A Shared History of Wine
Written By Sharon Fenchak
Wine & Food
A Shared History of Wine
The muscadine grape is native to North Carolina, thriving all across the region’s geography and climate, from the mountains to the piedmont to the coast. Scuppernong, a variety of muscadine, is designated as the official state grape and has long been a favorite ingredient in jams and jellies and wines.
Vitis vinifera, the type of grape associated primarily with winemaking, is not native to North Carolina. It prefers a classic Mediterranean climate of hot days, cooler nights, dry breezes, well-drained soil, and limited rainfall.
How then, did vitis vinifera get started in North Carolina?
It began with Biltmore, America’s largest home and the private estate of George Vanderbilt. More than 100 years ago, Vanderbilt envisioned his estate as a large-scale working farm that would generate produce and revenue to support and sustain itself. Original initiatives included a market garden, a nursery that shipped estate-raised plants around the world, and a dairy operation that eventually became one of the largest in the Southeast. From the Great Depression through the end of World War II, the Biltmore Dairy provided vital economic support for the estate.
In 1960, George Vanderbilt’s grandson William Cecil took over management of Biltmore. As an astute businessman, he immediately looked for diversification opportunities in harmony with the Biltmore brand to help sustain the property. In keeping with his grandfather’s vision of a working agricultural property, he realized that nothing was more appropriate for a French chateau than a vineyard.
Mr. Cecil went to the agricultural extension experts at NC State for assistance with his vineyard project in 1971. He was advised to work with native muscadines that were already growing in the Walled Garden.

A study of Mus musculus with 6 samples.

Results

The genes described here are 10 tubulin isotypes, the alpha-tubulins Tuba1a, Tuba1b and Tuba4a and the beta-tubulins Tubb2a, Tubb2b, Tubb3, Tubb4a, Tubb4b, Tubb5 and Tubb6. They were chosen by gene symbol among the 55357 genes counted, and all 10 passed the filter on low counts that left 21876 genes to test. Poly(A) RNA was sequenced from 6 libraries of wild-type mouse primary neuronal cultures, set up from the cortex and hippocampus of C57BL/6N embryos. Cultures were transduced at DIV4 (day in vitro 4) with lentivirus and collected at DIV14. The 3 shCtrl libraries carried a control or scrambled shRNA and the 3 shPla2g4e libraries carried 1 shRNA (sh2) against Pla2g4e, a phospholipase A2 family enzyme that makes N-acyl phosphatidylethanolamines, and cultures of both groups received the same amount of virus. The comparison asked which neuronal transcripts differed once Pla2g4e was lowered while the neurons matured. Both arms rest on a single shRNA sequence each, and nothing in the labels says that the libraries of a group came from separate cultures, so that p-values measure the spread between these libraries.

After producing wine from these grapes, he was unsatisfied with the results and turned to Cornell University for assistance. They advised that he experiment with French-American hybrid grapes since some American growers in less-favorable climates were having success with them. After harvesting and wine production, however, Mr. Cecil was unsatisfied with the results.
Still convinced that a vineyard was the right move for Biltmore, Mr. Cecil went to the Department of Vitaculture and Enology at the University of California at Davis. Although experts there initially told him that vinifera cultivation was not possible in Western North Carolina, he pushed on, planting the first vinifera grapes on the west side of the estate in 1978. In his book Lady On The Hill, Mr. Cecil notes that“Asheville was about the same latitude as Gibraltar in the Mediterranean, and with an altitude between 2,100 and 2,500 feet, the fields of the estate would enjoy warm days and cool nights in the summer.”
At last, Mr. Cecil was satisfied with the type and quality of the grapes, and the winemaking venture moved ahead. In 1983, the Biltmore Estate Wine Company established and renovation began on the original Dairy structure to convert it into a state-of-the-art winery, which opened to the public in 1985.
Present and Future
In the past three decades, the Biltmore Winery has emerged as the most-visited winery in the nation, winning numerous prestigious awards and points rankings in competition with the finest wines in the world.
In that same time, North Carolina grape growers and winemakers have benefitted from the wine industry knowledge and expertise that developed around Mr. Cecil’s vision for his family’s home. There are now more than 400 vineyards and 100 wineries across the state, and the numbers continue to rise. Some agricultural forecasters have suggested that growing grapes may eventually provide a viable economic alternative to traditional tobacco farming.
In celebration of North Carolina Wine Month, we are also celebrating William Cecil’s determination and dedication to his own dreams of making Biltmore Wines a reality that would support the mission of preserving Biltmore as a privately owned working estate.